Proposed tax code changes not a “revolution” but necessary upgrades – Legal expert

Proposed changes to the local tax code will not be a complete overhaul but needed updates to uniformize and upgrade outdated tax regulations in the SAR, lawyer and notary, Rui Filipe Oliveira, stated in a seminar on the matter held by the British Chamber of Commerce in Macao.

Draft bills for a revamp of the local tax code and a new legal framework for the exchange of information in tax matters was approved at the Legislative Assembly (AL), and will now proceed to committee evaluation and discussion.

Secretary for Economy and Finance Lei Wai Nong previously stated the changes will unify the rules of the separate tax laws enforced separately since the 1970’s, clearly defining the rights and obligations in the tax legal relations, and update the local Tax Code in accordance with international standards.

The bill introduces concepts such as tax resident and tax residence’ so as to ‘better comply with its international tax obligations’ and better ‘attract more foreign investors’ to the SAR and aims to ‘unify the separate rules of the current tax legislation, as well as to clearly define the rights and obligations in tax legal relations, in the tax judicial process, and in the process of tax enforcement.

The lawyer noted that the reform was pushed by court disputes surrounding issues such as stamp duty and tourism taxes, coupled with the need to upgrade local regulations and comply with Organisation for Economic Co-operation and Development (OECD) standards.

“Is there a tax revolution coming? The answer is no. What is coming is very simply a new body of laws that will coherently and connecting the dots because the system has been developed in the late 1970’s and the different tax laws enforced since then are sometimes not consistent or coherent,” the lawyer from MdME said during the talk.

“The new tax code will unify and organize the current system. There will also be changes in tax procedures which is important since [law practicioners] have sometimes difficulties dealing with tax authorities in many aspects. Having a clear set of rules and procedures is important for individuals and taxpayers to be able to enforce their rights”.

The tax planning expert also noted that the bill also propose an increase in authority and powers given to tax authorities, something he saw as “part of any complete tax system” while filling some regulatory blanks concerning judicial tax procedures and tax enforcement proceedings.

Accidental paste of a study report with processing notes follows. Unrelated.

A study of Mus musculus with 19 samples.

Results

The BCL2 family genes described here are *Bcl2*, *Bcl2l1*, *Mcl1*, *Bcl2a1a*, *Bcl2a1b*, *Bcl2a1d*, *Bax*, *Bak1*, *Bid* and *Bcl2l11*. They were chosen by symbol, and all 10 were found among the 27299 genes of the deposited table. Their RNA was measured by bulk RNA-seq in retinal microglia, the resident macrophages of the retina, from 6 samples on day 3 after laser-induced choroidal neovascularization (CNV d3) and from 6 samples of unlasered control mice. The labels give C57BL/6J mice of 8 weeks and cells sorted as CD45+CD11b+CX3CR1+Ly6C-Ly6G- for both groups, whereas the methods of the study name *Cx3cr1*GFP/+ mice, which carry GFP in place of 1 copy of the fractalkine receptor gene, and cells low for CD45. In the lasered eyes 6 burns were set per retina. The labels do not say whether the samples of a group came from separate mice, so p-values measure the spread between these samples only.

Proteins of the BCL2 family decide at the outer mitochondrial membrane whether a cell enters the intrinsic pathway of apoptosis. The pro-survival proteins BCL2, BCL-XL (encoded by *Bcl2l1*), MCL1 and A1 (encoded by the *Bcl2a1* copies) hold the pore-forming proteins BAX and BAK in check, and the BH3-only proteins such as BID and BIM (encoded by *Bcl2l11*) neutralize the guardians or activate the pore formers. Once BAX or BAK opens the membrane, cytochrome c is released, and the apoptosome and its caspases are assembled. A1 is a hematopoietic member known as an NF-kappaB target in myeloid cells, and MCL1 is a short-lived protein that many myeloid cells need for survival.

“There have been none, so we have been litigating in courts with the use of the general administrative proceedings code. Very importantly also is that there will be tax regulation enforcement procedures. We have been dealing with his matter based on a law from 1951, which is sometimes enforced and sometimes not […] It is something of great importance because the tax authority has the ability based on a non-paid tax to seize your assets,” Oliveira indicated.

Still, the lawyer also underlined that even though most of the proposed changes in the tax code structure are not “that significant” as they stand, some changes, such as those concerning corporate liability, could be.

He expressed, for example, that there will be secondary liability of the members of corporate bodies, administrators, asset managers, and tax representatives, meaning that in the future business they could be liable for their businesses’ tax debts.

The lawyer also addressed the recently ratified global minimum corporate tax, which saw G20 leaders formally endorsing a global corporate minimum tax, which would ensure global corporations pay a minimum tax rate of 15 per cent and stem tax evasion.

Some 136 countries – including Mainland China – have ratified the agreement, which is expected to come into effect globally in 2023 and raise an additional US$150 billion in annual tax revenue, according to the Organisation for Economic Cooperation and Development.

The Financial Services Bureau (DSF) Director, Stephen Iong Kong Leong, recently revealed that the local admin sitration is currently studying what impact adjusting the current corporate tax to match the recently ratified global minimum corporate tax agreement would have for investment in the city.

“The target for this is multinational enterprises that have a significant level of revenue. For example, the relocation of tax revenue will be targetting multinational enterprises with a global turnover of over 20 billion euros, almost half of Macau’s GDP. This is to target very large players and winners of globalization that manage to play around and pick lower tax jurisdictions,” he noted.

“The corporate tax would also be implemented for multinationals with revenues of about 750 million euros”.

The lawyer considered that most “ordinary businesses” in Macau would likely not be impacted by the changes considering their scale, with exact details concerning the agremeent enforcement still having to be fleshed out.